Minnesota pork plants sidelined by coronavirus outbreaks have begun euthanizing and disposing of thousands of pigs. One reader wondered whether they could just freeze the carcasses instead of wasting all that meat.

This would be challenging for two reasons.

“It’s not possible to do because of food safety and because of the capabilities of the plants,” said Dave Preisler, head of Minnesota Pork Producers Association. “But first and foremost because of food safety. And then second of all because the plants just don’t operate that way.”

Organs must be removed before pigs are frozen to prevent contamination, said Prof. Lee Johnston, a swine expert at the University of Minnesota Extension in Morris.

“If we just sacrifice the animal, remove the blood, we can’t freeze them at that point because [it has] got all these internal organs and the digestive tract with bacteria and so forth that are normally resident in there,” Johnston said. “So we need to get those out.”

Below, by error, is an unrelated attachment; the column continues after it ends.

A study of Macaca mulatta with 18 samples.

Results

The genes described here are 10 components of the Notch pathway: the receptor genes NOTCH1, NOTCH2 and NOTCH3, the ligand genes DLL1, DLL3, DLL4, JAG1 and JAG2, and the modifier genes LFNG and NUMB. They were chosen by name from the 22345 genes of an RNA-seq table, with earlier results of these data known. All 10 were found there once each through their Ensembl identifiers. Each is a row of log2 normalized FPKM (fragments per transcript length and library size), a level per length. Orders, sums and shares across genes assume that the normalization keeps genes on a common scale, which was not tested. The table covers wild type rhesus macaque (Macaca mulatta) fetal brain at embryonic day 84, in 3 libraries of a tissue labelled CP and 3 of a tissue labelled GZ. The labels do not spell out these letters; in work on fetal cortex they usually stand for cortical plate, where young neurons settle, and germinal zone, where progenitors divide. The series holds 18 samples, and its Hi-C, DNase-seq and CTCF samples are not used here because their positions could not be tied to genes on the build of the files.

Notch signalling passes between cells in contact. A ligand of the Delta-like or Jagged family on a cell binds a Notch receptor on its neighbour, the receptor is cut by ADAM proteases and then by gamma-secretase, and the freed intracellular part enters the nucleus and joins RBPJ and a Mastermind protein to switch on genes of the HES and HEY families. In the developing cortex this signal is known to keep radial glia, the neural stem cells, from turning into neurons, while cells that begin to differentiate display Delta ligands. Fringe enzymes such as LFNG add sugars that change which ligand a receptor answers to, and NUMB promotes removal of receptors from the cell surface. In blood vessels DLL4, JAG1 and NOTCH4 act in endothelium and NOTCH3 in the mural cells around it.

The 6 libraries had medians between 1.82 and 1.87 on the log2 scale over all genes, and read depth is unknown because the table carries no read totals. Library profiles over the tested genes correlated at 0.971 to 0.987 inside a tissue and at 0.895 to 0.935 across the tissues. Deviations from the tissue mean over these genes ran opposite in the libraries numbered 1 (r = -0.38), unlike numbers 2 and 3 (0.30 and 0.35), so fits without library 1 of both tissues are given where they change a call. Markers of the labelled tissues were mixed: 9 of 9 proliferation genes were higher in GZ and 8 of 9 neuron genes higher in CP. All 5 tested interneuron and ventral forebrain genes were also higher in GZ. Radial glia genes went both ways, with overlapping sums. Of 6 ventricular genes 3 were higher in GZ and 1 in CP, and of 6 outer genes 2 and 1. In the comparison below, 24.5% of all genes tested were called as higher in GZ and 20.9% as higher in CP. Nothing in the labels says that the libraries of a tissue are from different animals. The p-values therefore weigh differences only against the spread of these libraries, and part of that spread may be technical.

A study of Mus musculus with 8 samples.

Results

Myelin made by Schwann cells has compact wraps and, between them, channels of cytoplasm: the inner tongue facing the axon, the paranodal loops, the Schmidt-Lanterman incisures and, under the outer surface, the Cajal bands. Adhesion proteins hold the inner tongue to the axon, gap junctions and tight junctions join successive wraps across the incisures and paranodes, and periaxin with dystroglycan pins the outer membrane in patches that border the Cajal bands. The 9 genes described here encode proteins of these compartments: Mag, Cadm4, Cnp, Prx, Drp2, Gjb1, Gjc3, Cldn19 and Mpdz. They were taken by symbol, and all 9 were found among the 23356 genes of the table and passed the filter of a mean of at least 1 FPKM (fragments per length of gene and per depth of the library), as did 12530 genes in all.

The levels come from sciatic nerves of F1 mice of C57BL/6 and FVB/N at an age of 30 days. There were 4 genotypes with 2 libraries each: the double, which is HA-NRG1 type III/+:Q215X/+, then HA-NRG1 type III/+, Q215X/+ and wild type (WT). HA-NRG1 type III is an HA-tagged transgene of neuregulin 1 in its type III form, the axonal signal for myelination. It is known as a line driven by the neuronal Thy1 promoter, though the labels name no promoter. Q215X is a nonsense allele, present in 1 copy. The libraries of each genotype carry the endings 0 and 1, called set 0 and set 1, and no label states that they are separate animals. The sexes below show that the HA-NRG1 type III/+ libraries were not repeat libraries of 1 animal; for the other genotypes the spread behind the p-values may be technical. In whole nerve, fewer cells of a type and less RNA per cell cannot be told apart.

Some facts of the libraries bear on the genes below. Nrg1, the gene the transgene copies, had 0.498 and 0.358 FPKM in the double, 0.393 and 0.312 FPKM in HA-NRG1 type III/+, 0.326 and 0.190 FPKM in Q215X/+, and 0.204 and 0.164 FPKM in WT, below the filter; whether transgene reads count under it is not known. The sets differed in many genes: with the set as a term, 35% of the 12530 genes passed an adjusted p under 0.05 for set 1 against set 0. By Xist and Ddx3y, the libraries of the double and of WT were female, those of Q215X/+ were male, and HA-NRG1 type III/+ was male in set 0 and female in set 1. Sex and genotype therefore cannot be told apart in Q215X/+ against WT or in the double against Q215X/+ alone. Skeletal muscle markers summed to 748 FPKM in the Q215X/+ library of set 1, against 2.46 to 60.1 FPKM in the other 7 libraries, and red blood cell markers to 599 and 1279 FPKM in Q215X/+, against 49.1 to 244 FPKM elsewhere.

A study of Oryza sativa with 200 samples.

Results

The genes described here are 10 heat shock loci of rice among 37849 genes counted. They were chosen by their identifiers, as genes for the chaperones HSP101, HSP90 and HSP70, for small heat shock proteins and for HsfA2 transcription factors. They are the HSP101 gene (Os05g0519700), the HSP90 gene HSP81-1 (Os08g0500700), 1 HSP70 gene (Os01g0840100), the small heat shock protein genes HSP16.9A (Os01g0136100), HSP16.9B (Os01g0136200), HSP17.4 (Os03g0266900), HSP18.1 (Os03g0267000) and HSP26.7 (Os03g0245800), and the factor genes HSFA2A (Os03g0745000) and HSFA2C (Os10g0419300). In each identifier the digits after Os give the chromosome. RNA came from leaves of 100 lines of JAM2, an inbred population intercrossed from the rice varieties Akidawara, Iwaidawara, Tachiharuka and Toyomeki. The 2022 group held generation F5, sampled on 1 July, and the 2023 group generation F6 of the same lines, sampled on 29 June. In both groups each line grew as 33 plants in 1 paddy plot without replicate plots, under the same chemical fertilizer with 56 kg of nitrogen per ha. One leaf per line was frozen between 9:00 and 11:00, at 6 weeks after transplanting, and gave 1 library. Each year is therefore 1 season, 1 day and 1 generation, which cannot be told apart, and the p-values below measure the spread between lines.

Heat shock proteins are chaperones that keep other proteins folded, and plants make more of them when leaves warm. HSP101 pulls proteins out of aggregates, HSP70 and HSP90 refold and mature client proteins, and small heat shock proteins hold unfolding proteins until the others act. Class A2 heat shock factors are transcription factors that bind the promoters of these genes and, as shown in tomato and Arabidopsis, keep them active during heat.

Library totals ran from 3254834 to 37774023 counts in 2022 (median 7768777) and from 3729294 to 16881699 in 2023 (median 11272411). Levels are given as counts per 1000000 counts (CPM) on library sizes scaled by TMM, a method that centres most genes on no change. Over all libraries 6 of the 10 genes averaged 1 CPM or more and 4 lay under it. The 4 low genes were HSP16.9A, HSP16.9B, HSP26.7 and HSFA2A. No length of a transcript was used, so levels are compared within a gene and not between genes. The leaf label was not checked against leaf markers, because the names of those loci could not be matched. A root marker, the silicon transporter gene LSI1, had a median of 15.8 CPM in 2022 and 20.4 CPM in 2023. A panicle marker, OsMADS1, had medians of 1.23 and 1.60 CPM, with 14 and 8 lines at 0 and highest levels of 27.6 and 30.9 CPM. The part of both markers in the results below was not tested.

This typically happens on a large assembly line, but closed plants don’t have workers to do that.

“It’s kind of a Henry Ford assembly line in reverse,” Johnston said. “You start with the whole pig and they take the pieces out.”

Even if you could remove the organs, there’s no place to freeze a large volume of whole pigs.

Pork plants have large refrigeration rooms with trolley systems for moving and storing thousands of pig carcasses, before they are sliced up into pork chops and other cuts. But they are not freezers.

“[The freezers] are designed for boxes of packaged retail cuts and those kind of things, and not for whole carcasses to be stored in,” Johnston said.

Preisler said plants generally have cooler capacity for one or two days worth of processing.

“There’s no place for them to go,” Preisler said. “And even if you were to move things off-site, to a freezer, freezer space in general is really tight.”